Old 04-17-2019, 05:50 PM   #1

DW bought a mug with an image of a hummingbird on it several years ago on one of our vacations in Costa Rica (she's an avid bird/nature photographer). Today, while washing it, it slipped out of my hands and crashed into some dishes in the sink. At first, I thought I dodged a bullet as the mug looked in fine shape. But when I looked closer, I saw a hairline crack around the top of the handle.

The mug is still usable but over time the handle is sure to crack and break while she's having her tea.

I know it's just a mug, but we bought it in Costa Rica and I feel kinda bad. I'm wondering if anyone knows of a way for me to save it.

While you wait for ideas, is she aware already? I'd caution against trying a fix before you tell her, in case that makes it worse. Or even if you think it's a perfectly done fix, and then it turns out not to be...yeah. Better to fess up, it was only an accident.

If you don't want to break off the handle, you could try building up layers of superglue around the crack to reinforce it. You need accelerator for this. Place a drop of a thick superglue over the crack, spray with accelerator, and repeat until you're satisfied it's thick enough to reinforce the handle.

You could also use the thinnest superglue you could find and put a drop or two on the crack and hope it gets sucked in well enough. Not sure if I'd use accelerator for that method.
Originally Posted by Aerides View Post
Care to share a pic with a close up on the crack?

While you wait for ideas, is she aware already? I'd caution against trying a fix before you tell her, in case that makes it worse. Or even if you think it's a perfectly done fix, and then it turns out not to be...yeah. Better to fess up, it was only an accident.

I fessed up right after it happened. She was very forgiving and gracious about it.

Photos attached. So the first two show a small chip and the third photo shows the hairline crack that goes the rest of the way around.
Attached Images
File Type: jpg 1.jpg (250.5 KB, 52 views)
File Type: jpg 2.jpg (290.8 KB, 42 views)
File Type: jpg 3.jpg (217.1 KB, 44 views)
I'd agree that breaking it is probably best, so that you can really get glue in there. Obviously carries some risk, hopefully you have fessed up first - having a questionable repair and having the handle break off with hot tea in there might get you in.... ummm, hot water (or worse)?

Another option for getting glue to enter the crack - I've used this successfully with woodworking - get a vacuum cleaner hose on the opposite side, somewhat sealed up (maybe just cupping your hand around it), and it will suck the glue into the crack.

-ERD50
Originally Posted by Boho View Post
Superglue. I think the right way is to carefully break off the handle so you could get the glue in there, then tape it in place. I'd let it cure overnight. If you spray superglue accelerator to one of the mating surfaces it will cure almost instantly but then you won't be able to fiddle with the position to make it fit just right and you'd be making the cup more toxic. So if you use accelerator you should mask off parts you're not gluing and wash extra well when done.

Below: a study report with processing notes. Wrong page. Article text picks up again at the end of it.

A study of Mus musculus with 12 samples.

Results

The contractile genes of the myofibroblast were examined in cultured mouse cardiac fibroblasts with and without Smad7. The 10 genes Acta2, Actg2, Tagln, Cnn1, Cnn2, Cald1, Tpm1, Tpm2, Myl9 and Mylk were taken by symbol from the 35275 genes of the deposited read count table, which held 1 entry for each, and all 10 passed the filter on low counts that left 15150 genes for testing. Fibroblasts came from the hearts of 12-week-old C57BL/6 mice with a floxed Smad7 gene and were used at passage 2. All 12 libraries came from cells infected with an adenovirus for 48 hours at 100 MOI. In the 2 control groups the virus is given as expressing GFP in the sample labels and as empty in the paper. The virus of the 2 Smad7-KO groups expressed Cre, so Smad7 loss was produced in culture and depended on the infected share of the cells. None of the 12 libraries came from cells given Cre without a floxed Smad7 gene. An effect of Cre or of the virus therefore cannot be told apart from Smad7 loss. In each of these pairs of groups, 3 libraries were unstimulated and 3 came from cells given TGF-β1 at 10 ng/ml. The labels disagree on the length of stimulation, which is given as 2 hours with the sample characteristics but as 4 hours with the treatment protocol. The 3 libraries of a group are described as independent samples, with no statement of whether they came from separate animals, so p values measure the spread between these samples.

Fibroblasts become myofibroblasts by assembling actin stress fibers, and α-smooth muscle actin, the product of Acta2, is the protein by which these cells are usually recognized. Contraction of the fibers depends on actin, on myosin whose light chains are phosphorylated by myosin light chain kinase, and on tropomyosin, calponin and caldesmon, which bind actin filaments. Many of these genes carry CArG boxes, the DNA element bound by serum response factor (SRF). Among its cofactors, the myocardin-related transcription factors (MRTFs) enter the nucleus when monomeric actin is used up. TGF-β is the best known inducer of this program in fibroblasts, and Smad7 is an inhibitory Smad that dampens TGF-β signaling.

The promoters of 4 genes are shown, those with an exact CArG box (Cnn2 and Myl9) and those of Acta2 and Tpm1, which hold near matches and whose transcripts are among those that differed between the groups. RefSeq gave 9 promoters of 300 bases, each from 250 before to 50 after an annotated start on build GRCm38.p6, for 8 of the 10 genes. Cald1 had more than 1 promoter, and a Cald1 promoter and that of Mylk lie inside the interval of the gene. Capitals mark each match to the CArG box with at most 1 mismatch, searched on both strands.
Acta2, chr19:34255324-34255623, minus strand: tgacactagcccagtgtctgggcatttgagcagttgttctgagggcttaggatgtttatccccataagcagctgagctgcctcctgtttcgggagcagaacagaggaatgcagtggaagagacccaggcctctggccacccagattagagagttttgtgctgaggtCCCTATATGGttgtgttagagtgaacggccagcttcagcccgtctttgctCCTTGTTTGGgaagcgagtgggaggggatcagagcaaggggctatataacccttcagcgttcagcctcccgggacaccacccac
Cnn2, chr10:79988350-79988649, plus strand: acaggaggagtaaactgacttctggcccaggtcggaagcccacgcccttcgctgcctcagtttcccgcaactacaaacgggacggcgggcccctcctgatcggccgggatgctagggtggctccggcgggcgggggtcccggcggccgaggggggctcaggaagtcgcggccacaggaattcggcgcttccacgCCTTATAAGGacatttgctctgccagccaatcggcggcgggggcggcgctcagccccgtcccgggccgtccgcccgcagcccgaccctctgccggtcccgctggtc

If you don't want to break off the handle, you could try building up layers of superglue around the crack to reinforce it. You need accelerator for this. Place a drop of a thick superglue over the crack, spray with accelerator, and repeat until you're satisfied it's thick enough to reinforce the handle.

You could also use the thinnest superglue you could find and put a drop or two on the crack and hope it gets sucked in well enough. Not sure if I'd use accelerator for that method.

Thanks, Boho.

Another option for getting glue to enter the crack - I've used this successfully with woodworking - get a vacuum cleaner hose on the opposite side, somewhat sealed up (maybe just cupping your hand around it), and it will suck the glue into the crack.

-ERD50

Oh, wow - the vacuum cleaner idea sounds like a good one. Thanks!

Might get you brownie points for replicating the original
Worse comes to worst, we have friends who live near the place where we bought it. I'll see if they can pick up another one for us. It's not like it was a one-of-a-kind.
A replacement might be the easiest solution.

But if you still wish to try and repair and if you are more into the mug not breaking instead of appearance, perhaps try securing the chipped area by painting on some JB Weld. I did a similar thing for a plastic knob of a dryer which had a crack. Put the JB Weld on and let dry. that was about 2 years ago and the knob still works fine.
Worse comes to worst, we have friends who live near the place where we bought it. I'll see if they can pick up another one for us. It's not like it was a one-of-a-kind.

If you like it enough to want to hang onto it and keep using it, this is the option I would recommend. No matter how well glued the handle was, I'd be concerned about a possible future break.

Or you could always relegate the current mug to a life as a purely decorative object, and save on the cost of getting a new one.

BTW, did your wife confess that she dropped the mug a few years ago and never told you about the hairline crack she noticed in it at that time?
example:

Why not retire the mug to a place of honor on the shelf, among your other souvenirs?

Why not retire the mug to a place of honor on the shelf, among your other souvenirs?
+1 I tried it once and that's exactly what happened.

I understand the sentimental value but I'd do some scanning online. I once broke a very expensive wine glass ($300 each!!) and I found an exact set of 4 for $25 online...they obviously didn't know what they had.